Core Corner: Do core cash-shops go against core standards?

Monetization in social gaming is somewhat different than you would find in other genres. Social games are accused of selling "power" or making it easy on gamers by selling immediate access to content that would normally take days or weeks to get to. There are plenty of examples of games that do allow for these types of sales, games that allow players to buy almost literally anything in the game. But, it can be argued that the purpose of social and casual gaming is to be casual, so selling shortcuts is acceptable.

What about core games, then? Do core games hold themselves to a higher standard when it comes to selling powerful items or items that speed up play? Many core games are much more than single-player events. In fact, their existence on Facebook almost guarantees some sort of interaction with other players, a lot of the time in the form of player-versus-player combat. So, is it "fair" that these games sell these items for real-life cash? I decided to look at some of the titles I have covered before to see what they sell and how it might impact gameplay.

There are several items in Dungeon Overlord's cache of digital goodies that make for a game that can easily be described as "selling power." In a strategy game that requires a pretty strict time commitment, time is power. On top of time-savers the cash-shop actually sells additional worker goblins, additional tiles and other goods that would normally take a while to obtain through normal play. Because players can attack each other and take over other dungeons as player would do in a standard multiplayer RTS, does this mean that a player with money can easily get a leg up on the other players around who spend nothing?

Armies of Magic is a neat mix of RTS, tower defense and casual to core gameplay, a formula that I have enjoyed immensely. A player can spend time outfitting his or her city with different buildings, but these buildings are key to how successful the player is in combat. Later on, a player will grow an army and send it against friends or NPC armies, and having access to the proper buildings or troops can be the difference between winning a battle and losing miserably. Armies of Magic directly sells powerful items like troops or buildings, items that would take some time to gather. This formula is standard for many of the core social games I play, and the fans do not seem to mind the ability to power to the top.

Dungeon Blitz is an interesting title, mainly because it is an action-based MMO, something of a rarity on Facebook. Many players from MMO communities often go by different, unspoken rules about buying power and have harsh words for companies that sell access to powerful items that might give an advantage in PvP. While Dungeon Blitz's potentially younger community might not have the same issues with buying power as, say, a 38-year-old core player, it's interesting to note that Dungeon Blitz's cash-shop still mainly sells convenience items and personal benefits. Does the MMO rule against buying true power rule on even to Facebook?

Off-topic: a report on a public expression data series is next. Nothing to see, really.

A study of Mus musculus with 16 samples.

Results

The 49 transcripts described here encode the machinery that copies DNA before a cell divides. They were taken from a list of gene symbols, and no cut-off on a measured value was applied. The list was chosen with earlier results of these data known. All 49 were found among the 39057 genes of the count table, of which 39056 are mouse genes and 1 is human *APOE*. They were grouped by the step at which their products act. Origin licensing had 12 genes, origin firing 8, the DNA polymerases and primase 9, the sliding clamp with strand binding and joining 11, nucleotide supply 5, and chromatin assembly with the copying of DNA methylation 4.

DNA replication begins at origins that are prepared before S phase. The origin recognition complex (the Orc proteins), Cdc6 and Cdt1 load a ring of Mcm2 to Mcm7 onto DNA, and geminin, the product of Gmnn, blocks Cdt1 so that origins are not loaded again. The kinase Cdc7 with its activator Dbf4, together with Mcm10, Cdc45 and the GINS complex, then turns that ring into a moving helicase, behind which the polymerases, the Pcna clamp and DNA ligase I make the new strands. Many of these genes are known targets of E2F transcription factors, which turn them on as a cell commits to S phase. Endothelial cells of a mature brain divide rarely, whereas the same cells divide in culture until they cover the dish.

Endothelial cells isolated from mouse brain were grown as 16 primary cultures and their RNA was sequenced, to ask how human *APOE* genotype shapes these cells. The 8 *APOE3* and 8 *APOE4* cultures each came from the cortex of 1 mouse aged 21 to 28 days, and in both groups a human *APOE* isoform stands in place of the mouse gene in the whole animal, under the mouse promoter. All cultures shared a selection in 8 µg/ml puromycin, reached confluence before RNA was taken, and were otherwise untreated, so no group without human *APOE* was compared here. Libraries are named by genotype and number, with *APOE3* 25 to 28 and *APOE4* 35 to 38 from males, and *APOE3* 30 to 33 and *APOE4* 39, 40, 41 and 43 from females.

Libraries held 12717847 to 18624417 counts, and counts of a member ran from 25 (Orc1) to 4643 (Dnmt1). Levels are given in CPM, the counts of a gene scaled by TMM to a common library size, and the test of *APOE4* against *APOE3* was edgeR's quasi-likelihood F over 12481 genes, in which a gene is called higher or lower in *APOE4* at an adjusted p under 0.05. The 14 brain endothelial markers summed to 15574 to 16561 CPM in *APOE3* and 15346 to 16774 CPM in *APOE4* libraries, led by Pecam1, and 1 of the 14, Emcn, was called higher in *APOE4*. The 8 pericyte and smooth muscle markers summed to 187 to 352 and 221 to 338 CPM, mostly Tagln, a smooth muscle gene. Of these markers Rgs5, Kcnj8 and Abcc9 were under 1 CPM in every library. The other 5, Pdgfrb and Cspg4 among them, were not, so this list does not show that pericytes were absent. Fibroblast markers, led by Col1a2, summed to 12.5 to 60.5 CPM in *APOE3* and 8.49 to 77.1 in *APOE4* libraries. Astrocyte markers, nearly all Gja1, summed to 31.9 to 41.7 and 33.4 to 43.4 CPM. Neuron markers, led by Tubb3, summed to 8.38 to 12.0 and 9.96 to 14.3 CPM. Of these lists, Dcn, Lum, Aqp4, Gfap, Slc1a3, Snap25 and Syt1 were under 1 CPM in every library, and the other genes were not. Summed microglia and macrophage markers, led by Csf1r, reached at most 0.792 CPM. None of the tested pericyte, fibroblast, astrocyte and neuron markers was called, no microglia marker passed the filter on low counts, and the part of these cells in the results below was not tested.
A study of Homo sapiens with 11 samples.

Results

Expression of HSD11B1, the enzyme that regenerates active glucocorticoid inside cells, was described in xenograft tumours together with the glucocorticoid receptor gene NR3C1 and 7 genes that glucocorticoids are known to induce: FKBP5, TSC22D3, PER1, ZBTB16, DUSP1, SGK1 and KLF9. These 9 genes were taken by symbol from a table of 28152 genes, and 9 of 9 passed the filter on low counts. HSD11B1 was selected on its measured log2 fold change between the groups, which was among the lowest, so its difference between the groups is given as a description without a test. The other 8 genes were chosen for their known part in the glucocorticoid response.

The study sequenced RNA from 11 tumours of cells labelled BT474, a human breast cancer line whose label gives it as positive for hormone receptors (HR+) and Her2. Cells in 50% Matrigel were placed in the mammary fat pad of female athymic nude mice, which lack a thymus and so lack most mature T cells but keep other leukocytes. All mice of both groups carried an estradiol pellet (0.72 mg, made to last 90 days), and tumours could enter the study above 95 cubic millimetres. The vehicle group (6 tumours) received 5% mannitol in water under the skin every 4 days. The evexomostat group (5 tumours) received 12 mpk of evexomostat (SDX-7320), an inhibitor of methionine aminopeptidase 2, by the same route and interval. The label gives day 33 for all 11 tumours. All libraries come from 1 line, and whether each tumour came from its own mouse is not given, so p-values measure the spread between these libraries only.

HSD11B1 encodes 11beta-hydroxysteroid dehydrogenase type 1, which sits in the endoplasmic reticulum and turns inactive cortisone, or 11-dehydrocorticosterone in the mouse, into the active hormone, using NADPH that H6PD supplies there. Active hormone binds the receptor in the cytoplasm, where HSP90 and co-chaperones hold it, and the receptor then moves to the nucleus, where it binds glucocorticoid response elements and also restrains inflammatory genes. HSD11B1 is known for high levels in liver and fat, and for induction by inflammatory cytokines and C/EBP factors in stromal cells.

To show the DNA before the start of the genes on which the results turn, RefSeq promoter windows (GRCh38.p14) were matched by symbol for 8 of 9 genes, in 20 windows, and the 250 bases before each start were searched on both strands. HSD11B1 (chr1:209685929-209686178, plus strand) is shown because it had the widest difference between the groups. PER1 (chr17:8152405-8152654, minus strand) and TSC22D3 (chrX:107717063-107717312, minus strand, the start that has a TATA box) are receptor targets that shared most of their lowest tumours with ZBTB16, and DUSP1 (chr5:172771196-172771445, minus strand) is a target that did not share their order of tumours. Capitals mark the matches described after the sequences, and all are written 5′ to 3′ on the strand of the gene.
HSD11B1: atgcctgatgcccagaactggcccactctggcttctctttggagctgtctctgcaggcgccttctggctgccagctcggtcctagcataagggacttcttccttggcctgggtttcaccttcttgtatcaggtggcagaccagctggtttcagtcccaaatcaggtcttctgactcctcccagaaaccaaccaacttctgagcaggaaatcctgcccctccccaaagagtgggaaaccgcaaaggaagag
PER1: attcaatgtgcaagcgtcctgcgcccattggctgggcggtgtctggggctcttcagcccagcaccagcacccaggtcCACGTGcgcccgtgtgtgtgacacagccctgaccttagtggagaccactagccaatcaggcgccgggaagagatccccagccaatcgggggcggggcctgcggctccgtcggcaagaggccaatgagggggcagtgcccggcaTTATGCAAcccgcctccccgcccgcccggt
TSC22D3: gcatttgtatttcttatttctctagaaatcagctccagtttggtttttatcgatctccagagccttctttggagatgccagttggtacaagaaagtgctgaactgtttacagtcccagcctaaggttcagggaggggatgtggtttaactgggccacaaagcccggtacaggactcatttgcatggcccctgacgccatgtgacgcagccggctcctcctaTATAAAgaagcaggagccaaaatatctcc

Marvel's turn-based hit Avenger's Alliance can be easy some of the time and very hard a lot of the time. Selling items in this game that give an advantage over another player during PvP combat would be met with protests... at least you might think so. Instead we see a cash-shop that is absolutely filled with gear, characters and almost everything one would need to power his small army of superheroes to the top of his friends list.

What I'm seeing as I dive deeper into the world of core Facebook games is that players must not have much of an issue with buying goods and services that go far and above conveniences. In fact, I have not found but a handful of Facebook titles that do not sell items that, only a few years ago, would be "earned" through a player's hard work in game. Whether work has anything to do with gaming or turning gaming into work is a good thing can be argued elsewhere, but Facebook and social gaming's success surely has much to do with the fact that players can see a cool item, want it, and spend real money to get it. This impulse factor accounts for more purchases that we all care to admit to, but it's obvious in Facebook's success.

What do you think of cash shops in core social games? Are they fair or give unfair advantage to paying players? Sound off in the comments. Add comment

Beau covers MMORPGs for Massively, enjoys blogging on his personal site and loves social and casual gaming. He has been exploring games since '99 and has no plans to stop. For News, he explores the world of hardcore Facebook and social games. You can join him on Facebook or follow him on Twitter.